In 2007, the band reformed for a series of concerts to be followed by “Narrow-Caster” which was the band’s first studio recording in 12 years. Live concert releases followed as well as tracks contributed to tribute albums. In particular, 3rdegree contributed a great version of “Going for the One” to the Yes tribute CD entitled “Tales from the Edge.”
Finally, a follow-up to the follow-up. 3rdegree has released “The Long Division” and it was worth the wait. It is indeed a concept album centering on the sturm und drang of the election year. It is serious and it is biting but departs with a sense of humorous irony.
The album opens with a blistering announcement in “You’re Fooling Yourselves” which could sound like a push-back to The Who’s “Won’t Get Fooled Again.” An alternate title could have justifiably been “You Did Get Fooled Again (And You Will Again and Again).”
It carries an anthemic sound against the idolatry of party politics. There is the droning, true-believer background vocal chorus that speaks of mass delusion while the lead guitar tries to punch through the hypnosis of the lullaby keyboards.
The demonizing of one political party by the other is a running theme and the song breaks free in anger and determination.
A good rhythm section highlights “The Soci-Economic Petri Dish.” The political disillusionment of the song cements the idea that this is a concept album to be sure. The CD package is probably proof enough of that, with its crack between red and blue territories and the people all shown in red and blue. The back cover is a mock-up of a voting booth. Maybe the most biting image of all is the interior photo of the five band members standing before a wall with the Pledge of Allegiance stenciled on the wall. The jarring image, however, reveals that the phrases “under God” and “and Justice for all” have been painted over.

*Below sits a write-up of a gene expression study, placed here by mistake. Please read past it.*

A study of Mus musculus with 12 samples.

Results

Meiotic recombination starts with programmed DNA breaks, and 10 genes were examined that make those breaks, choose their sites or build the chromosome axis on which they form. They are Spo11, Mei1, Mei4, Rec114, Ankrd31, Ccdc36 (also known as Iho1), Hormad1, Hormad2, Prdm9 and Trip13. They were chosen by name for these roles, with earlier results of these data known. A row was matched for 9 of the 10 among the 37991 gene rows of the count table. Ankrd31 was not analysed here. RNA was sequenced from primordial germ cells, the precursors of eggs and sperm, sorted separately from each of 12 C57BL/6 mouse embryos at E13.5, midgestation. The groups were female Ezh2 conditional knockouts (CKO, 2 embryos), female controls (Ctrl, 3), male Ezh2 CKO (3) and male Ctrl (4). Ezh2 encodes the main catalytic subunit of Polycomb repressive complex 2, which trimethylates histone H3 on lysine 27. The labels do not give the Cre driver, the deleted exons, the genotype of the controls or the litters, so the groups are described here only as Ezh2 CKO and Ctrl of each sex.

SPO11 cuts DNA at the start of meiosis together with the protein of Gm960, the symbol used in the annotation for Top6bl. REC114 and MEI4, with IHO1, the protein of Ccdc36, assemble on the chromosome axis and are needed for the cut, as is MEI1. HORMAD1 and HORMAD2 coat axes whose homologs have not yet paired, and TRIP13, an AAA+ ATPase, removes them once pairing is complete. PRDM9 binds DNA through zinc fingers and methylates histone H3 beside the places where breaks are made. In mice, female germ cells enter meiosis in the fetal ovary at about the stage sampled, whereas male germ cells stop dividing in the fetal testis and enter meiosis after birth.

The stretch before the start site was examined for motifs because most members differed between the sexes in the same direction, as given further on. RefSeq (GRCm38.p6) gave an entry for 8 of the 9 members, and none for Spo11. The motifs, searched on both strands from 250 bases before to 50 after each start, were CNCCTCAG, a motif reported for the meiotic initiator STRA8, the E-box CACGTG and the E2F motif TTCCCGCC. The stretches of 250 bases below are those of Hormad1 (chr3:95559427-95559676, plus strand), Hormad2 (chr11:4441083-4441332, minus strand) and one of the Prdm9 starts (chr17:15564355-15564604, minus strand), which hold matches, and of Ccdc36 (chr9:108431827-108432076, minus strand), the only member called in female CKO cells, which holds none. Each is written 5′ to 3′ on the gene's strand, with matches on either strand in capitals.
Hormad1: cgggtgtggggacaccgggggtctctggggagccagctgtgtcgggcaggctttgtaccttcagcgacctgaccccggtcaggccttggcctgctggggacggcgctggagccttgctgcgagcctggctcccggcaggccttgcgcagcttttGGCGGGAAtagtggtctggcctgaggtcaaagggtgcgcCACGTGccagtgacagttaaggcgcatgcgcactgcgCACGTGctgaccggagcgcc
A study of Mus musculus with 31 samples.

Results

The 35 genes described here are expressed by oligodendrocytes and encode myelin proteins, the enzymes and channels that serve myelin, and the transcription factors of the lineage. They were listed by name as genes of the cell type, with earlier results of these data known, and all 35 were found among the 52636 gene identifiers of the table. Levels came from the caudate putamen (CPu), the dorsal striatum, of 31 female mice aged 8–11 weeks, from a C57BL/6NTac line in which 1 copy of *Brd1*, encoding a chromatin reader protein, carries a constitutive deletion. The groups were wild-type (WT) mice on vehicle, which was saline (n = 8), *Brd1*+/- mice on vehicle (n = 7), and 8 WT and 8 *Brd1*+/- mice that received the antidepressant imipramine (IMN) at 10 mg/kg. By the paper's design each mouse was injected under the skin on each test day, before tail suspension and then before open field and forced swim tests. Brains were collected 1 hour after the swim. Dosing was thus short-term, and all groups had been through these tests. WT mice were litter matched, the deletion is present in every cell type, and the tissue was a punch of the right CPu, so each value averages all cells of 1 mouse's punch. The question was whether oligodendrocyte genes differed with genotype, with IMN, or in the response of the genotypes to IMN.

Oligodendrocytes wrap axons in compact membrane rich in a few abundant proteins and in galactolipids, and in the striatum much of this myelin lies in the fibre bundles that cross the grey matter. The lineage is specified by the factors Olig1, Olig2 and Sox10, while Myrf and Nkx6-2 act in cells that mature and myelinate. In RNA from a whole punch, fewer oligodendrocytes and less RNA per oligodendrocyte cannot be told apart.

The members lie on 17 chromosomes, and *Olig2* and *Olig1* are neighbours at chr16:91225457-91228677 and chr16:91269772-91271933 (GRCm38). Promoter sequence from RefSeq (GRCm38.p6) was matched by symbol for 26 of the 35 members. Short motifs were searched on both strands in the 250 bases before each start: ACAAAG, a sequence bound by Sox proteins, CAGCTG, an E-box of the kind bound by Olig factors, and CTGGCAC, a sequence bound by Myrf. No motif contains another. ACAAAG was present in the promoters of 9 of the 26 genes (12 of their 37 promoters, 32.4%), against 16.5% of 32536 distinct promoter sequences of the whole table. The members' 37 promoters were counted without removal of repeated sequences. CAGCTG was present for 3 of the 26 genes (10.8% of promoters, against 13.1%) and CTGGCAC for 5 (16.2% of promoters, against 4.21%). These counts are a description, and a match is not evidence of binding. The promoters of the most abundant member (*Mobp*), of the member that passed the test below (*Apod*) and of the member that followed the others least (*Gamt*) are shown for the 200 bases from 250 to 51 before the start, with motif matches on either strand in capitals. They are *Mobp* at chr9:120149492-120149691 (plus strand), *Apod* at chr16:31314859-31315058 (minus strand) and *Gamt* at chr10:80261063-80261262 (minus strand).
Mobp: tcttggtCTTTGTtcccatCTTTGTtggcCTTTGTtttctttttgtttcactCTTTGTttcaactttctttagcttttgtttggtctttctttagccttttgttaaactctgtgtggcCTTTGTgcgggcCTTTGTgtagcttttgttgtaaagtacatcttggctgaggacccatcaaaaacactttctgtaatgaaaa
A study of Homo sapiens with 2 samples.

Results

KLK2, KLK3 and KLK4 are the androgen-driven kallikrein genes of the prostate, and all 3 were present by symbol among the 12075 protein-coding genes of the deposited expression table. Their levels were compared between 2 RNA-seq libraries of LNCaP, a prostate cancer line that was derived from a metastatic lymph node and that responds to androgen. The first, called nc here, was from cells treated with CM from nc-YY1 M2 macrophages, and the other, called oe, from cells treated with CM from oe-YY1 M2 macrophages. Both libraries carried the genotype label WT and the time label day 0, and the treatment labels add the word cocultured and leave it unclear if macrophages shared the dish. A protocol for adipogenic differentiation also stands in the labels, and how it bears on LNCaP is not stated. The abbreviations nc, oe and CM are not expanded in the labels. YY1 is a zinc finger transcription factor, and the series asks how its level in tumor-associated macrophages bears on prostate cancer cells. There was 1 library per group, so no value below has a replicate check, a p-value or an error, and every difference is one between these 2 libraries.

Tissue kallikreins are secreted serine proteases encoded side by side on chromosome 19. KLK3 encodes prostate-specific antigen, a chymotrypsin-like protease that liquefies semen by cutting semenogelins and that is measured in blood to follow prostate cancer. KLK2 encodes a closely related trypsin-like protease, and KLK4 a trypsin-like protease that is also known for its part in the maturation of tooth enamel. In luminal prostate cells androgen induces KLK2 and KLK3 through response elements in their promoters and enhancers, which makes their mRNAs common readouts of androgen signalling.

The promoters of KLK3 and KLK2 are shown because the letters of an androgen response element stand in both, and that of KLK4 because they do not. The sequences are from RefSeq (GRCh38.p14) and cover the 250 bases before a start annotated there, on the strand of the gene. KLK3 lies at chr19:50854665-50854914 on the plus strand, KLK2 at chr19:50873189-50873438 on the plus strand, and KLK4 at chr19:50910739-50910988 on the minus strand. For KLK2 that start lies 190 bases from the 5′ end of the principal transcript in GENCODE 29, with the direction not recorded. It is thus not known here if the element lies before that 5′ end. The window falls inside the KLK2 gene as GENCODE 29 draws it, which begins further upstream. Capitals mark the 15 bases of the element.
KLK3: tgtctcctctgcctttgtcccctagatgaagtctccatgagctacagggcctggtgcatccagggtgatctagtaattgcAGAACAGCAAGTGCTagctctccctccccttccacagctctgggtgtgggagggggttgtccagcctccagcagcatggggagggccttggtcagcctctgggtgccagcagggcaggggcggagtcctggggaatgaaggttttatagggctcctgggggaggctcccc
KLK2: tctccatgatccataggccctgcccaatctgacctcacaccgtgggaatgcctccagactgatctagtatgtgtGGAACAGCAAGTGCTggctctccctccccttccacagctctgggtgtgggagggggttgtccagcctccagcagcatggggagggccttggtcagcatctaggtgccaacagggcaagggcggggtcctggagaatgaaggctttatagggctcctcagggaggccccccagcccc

The song ends with angry denunciations and a concluding bell. The question is: Was that a fight bell? Or was it a stock market bell?
In “Exit Strategy” both parties must be seeing the other party in the lyrics. The indictment is against the system itself while both sides are claiming to be “liberators.” The vague chord structures that accompany the intoning of the words “incoherent ramblings” is a nice touch. The lyrics carry clichés from both ends of the political spectrum and the words “Poli-Sci, Poli-Sci, what have you done?” is a telling line. The song rushes to conclusion with a litany of catch-phrases tossed about concluding with the words “Post-911…”
“Fake institutes handing out the cures (this is the pill we swallow)” is the recurring admonition of “The Ones to Follow.” The song includes fine drum work by Aaron Nobel with a few great hooks. The political diatribe gives way to an almost-hallelujah chorus of blind belief.
Beautiful instrumental moments are on display with “The Millions of Last Moments.” There is sublime guitar work between Eric Pseja and Patrick Kliesch here. This the eighth track begins the album's move always from the vocal dominance.
The spirit of Pete Bardens returns for “Memetic Pandemic” and cool rhythm patterns. Once again, the backing vocals are a great addition. The piano is well-done and the lead guitar cuts along the grain with the piano.
“A Nihilist’s Love Song” concludes the album. The opening lines include “All that is and all that was is meaningless.” One immediately gets the feeling that someone has been reading a little too much Camus but the follow-up line is a crack-up. “The future is all we’ve got.” Now you see the irony of the song’s title. Nice, snarky irony.
It becomes very clear that what poses as a love song from a first year philosophy student is indeed the bitterest bite of all. The anger of “You’re Fooling Yourselves” has been supplanted by the understated and vitriolic indictment against the revisionism of party politics.
“The future is all we’ve got” is not hopeful nor is it encouraging. It is the drone of political tribalism and triumphalism. It is Orwell.